Die Hard – A Retrospective

Yippie ki yay motherfuckers!

When people think of cinema badasses, there are a few men who come to mind. Guys like Sylvester Stallone, Arnold Schwarzenegger, and Dolph Lundgren made their mark kicking ass on-screen throughout the 80’s but as the decade was coming to a close, another man helped carve that niche for himself as well. Bruce Willis, who at the time was famous for playing the lead in the widely popular 1980’s television series, “Moonlighting”, tried his hand at action movies and the result was a worldwide phenomenon.  Willis as John McClane personifies an action hero in every sense and for good reason, his performances in the iconic “Die Hard” film series.


PERSONAL OPINION: The first Die Hard is by far my favorite of the series and one of the best action movies not only of the 80’s but of all time. A trash talking New Yorker who loves shooting guns and raising hell? I can certainly relate! (well maybe not the guns part). In a time when action movie villains were often very one-note and wooden, Alan Rickman proved that theory wrong with a wonderful showing as Hans Gruber. His great chemistry with Willis leaves the audience hoping more and more that McClane blows his head off.



PERSONAL OPINION: Die Hard 2 is my least favorite of the series (though that opinion might change upon viewing the latest entry). I used to hate it a lot more a few years ago since the first and third films were so much better but upon a recent viewing, I have gained a new found respect for it but still consider if the weakest film for several reasons such as the weird editing and the direction. The direction especially is a huge problem for me as Renny Harlin is a bit of a hack (his 1995 film “Cutthroat Island” is infamously known as one of the biggest commercial failures of all time and helped bankrupt its studio, Carolco Pictures). It is cool though seeing a young Robert Patrick as one of the villains, this was supposedly the role that got him noticed and led him to star in the biggest role of his career, as the T-1000 in “Terminator 2: Judgement Day”.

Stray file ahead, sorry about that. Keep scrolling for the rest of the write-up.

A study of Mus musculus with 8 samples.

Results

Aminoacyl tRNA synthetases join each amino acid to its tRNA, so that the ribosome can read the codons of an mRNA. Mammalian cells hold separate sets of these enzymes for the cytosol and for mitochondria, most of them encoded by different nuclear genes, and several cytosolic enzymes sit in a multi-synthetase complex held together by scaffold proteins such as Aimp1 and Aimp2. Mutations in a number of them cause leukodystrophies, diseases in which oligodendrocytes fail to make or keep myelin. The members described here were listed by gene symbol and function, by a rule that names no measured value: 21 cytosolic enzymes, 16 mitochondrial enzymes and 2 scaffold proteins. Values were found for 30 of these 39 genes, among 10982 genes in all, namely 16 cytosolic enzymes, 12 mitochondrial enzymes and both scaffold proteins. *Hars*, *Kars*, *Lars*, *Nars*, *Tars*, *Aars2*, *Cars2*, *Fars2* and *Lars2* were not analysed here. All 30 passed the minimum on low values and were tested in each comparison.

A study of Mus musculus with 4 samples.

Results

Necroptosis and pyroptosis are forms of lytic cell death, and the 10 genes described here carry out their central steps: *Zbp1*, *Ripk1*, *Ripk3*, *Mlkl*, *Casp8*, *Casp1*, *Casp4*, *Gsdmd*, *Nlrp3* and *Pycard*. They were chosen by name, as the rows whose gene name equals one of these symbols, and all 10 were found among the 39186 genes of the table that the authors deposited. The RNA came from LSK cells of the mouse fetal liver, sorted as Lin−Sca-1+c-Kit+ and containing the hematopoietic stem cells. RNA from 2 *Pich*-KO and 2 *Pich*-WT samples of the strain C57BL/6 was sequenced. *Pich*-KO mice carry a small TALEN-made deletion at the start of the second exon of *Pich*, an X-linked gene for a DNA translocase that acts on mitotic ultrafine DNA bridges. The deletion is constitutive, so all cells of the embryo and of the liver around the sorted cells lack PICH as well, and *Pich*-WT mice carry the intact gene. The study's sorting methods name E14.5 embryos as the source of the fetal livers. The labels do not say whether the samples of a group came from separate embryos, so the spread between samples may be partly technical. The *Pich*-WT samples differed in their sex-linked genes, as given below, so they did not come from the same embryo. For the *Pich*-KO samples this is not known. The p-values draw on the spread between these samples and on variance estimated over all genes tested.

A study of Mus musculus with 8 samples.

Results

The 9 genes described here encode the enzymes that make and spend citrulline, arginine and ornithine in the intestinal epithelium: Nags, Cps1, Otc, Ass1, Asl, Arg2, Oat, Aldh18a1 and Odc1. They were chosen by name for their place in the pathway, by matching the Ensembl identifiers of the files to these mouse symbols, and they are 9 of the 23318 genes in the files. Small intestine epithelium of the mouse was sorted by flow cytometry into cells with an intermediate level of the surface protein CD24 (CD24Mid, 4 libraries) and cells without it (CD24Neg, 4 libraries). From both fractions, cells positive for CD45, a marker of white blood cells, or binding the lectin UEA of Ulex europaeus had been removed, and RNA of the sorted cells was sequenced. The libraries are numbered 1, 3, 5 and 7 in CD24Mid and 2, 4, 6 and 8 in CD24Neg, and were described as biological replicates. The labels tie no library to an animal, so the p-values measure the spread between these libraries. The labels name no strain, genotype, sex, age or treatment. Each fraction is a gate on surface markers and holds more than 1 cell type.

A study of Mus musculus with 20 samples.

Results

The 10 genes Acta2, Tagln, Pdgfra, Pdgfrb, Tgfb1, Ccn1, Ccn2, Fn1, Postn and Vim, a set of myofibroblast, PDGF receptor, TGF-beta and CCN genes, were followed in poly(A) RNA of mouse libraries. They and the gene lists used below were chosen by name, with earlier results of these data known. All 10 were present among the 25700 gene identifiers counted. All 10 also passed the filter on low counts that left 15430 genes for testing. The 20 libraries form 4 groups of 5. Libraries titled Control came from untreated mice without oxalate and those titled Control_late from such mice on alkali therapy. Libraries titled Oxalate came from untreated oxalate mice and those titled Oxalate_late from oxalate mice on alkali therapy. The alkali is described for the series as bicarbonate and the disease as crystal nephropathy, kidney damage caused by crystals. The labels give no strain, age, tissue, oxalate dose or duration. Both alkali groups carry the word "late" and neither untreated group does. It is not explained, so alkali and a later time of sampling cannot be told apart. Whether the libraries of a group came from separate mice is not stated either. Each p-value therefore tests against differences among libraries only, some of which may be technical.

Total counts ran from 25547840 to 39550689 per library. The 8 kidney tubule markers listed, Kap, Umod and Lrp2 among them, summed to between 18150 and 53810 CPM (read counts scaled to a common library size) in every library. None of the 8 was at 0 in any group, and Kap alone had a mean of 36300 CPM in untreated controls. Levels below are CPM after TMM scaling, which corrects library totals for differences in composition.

Another warning about this one. Never watch it on syndicated cable:

 


PERSONAL OPINION: I’ll rank DHWAV as the second best of the series. Jeremy Irons is really great as the main villain and Sam Jackson holds his own as well as the racist shop owner who never quite trusts McClane who knows he has to rely on him to survive. You can also see how much McTiernan’s direction makes a huge difference as this one is leagues above Die Hard 2 to give it a feel similar to the first film.


PERSONAL OPINION: Well no offense to Timothy Olyphant who I’m actually a fan of (“The Safety of Objects” motherfucker! He was good in “Go” as well) but he portrayed by the far the worst villain in the series. So stiff and unmenacing to the point where it’s comical. Having said that, I think LFODH gets a bad reputation. It’s certainly not the best in the series or even close but I think it’s a perfectly acceptable entry that still maintains the feel of a Die Hard movie. Kevin Smith was pretty unnecessary (sorry fanboys) and Long became pretty grating at times (though he tried his best) but the action, while a bit over the top at times (the fighter jet scene, really?), was awesome for the most part. Don’t know why it doesn’t get more love from fans. Third best film in my opinion.


PERSONAL OPINION: There is not much to say here. I actually have yet to see this one. The reviews have been overwhelmingly negative but as a huge fan of the series, I intend to view this one very shortly and honestly, as bad as it might be, I’ll probably still enjoy it thoroughly.

Written by Matthew Reine

is a New Yorker with a strong passion for film and television. Also the biggest Keanu Reeves fan you know.